Within a year or so, organisations will be able to have their Privacy Information Management Systems certified compliant with ISO/IEC 27701, thanks to a new accreditation standard ISO/IEC TS 27006 part 2, currently in draft.
A PIMS is very similar to an Information Security Management System, hence compliance auditing and certification are also very similar – so much so that I’ve heard some certification bodies are already taking the initiative by issuing PIMS certificates despite their not being formally accredited for that.
Potentially, a PIMS certificate may become the generally-accepted means of demonstrating an organisation’s due care over privacy and personal data protection – a way to assure data subjects, business partners, the authorities and courts that they have, in fact, adopted good privacy practices.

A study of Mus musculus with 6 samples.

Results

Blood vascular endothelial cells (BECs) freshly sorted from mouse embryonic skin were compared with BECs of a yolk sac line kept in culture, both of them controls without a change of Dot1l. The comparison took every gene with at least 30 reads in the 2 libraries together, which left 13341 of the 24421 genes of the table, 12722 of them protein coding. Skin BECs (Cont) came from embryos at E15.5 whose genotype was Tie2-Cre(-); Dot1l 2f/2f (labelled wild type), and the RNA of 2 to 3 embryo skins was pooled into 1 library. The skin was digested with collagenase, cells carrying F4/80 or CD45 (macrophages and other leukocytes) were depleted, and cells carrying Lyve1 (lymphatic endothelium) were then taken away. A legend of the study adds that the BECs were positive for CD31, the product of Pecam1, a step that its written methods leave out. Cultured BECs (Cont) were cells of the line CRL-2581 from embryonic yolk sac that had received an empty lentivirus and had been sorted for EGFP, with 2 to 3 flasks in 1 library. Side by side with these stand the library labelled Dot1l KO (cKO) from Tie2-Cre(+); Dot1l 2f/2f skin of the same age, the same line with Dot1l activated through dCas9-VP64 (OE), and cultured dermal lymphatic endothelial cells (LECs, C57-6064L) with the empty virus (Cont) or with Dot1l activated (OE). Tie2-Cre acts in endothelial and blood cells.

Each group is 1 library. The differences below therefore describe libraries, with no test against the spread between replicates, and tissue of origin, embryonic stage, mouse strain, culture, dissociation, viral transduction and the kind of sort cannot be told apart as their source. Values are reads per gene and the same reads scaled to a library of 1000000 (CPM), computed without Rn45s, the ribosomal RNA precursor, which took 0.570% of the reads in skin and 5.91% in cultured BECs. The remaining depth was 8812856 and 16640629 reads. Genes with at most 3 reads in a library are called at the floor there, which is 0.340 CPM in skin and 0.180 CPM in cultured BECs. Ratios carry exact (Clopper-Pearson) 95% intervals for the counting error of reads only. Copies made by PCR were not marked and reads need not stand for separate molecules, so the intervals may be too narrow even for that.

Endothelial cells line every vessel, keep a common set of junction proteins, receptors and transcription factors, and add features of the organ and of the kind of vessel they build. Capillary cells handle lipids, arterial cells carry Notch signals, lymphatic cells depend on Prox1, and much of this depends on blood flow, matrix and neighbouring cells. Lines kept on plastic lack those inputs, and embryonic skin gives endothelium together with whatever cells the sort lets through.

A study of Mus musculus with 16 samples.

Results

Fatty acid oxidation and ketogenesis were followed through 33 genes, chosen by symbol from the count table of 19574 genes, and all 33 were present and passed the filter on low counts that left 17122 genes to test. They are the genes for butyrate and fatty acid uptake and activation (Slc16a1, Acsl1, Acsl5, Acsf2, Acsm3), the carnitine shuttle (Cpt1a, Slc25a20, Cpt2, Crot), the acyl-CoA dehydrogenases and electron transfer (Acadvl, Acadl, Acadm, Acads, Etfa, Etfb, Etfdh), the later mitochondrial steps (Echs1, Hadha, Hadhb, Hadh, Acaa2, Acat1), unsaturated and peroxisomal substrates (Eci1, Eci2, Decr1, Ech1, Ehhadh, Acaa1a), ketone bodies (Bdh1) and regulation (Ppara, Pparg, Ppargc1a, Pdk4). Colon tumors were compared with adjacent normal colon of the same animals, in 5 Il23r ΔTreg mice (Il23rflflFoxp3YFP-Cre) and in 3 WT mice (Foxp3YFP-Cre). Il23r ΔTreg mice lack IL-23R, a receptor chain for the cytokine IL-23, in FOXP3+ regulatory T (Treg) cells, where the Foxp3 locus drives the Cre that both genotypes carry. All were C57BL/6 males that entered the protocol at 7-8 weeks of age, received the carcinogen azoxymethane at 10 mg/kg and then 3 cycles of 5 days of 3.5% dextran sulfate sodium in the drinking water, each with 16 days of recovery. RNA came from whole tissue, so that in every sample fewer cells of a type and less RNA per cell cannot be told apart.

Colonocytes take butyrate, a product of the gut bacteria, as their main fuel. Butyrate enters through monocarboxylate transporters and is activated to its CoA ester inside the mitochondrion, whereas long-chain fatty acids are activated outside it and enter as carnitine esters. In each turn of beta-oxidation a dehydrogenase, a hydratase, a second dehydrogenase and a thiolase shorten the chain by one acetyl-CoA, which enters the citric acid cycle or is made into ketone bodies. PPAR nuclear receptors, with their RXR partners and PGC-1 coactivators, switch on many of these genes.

A PIMS should materially reduce an organisation’s risk of suffering privacy breaches. However, as with an ISMS, ‘materially reduce’ is not quite the same as ‘eliminate’. In the less likely event that a privacy breach occurs, despite having a PIMS, compliance certificates for the organisation and if appropriate its information service suppliers (e.g. cloud or marketing services) may be a credible part of the organisation’s legal defence against prosecution under GDPR or other privacy laws and regs, but they would still need to explain why the breach occurred and what they have fixed to prevent a recurrence. The PIMS should at least structure the response to the breach, including corrective actions addressing the root causes, hence there should be something substantial behind the usual vacuous PR statements about ‘taking this matter very seriously’.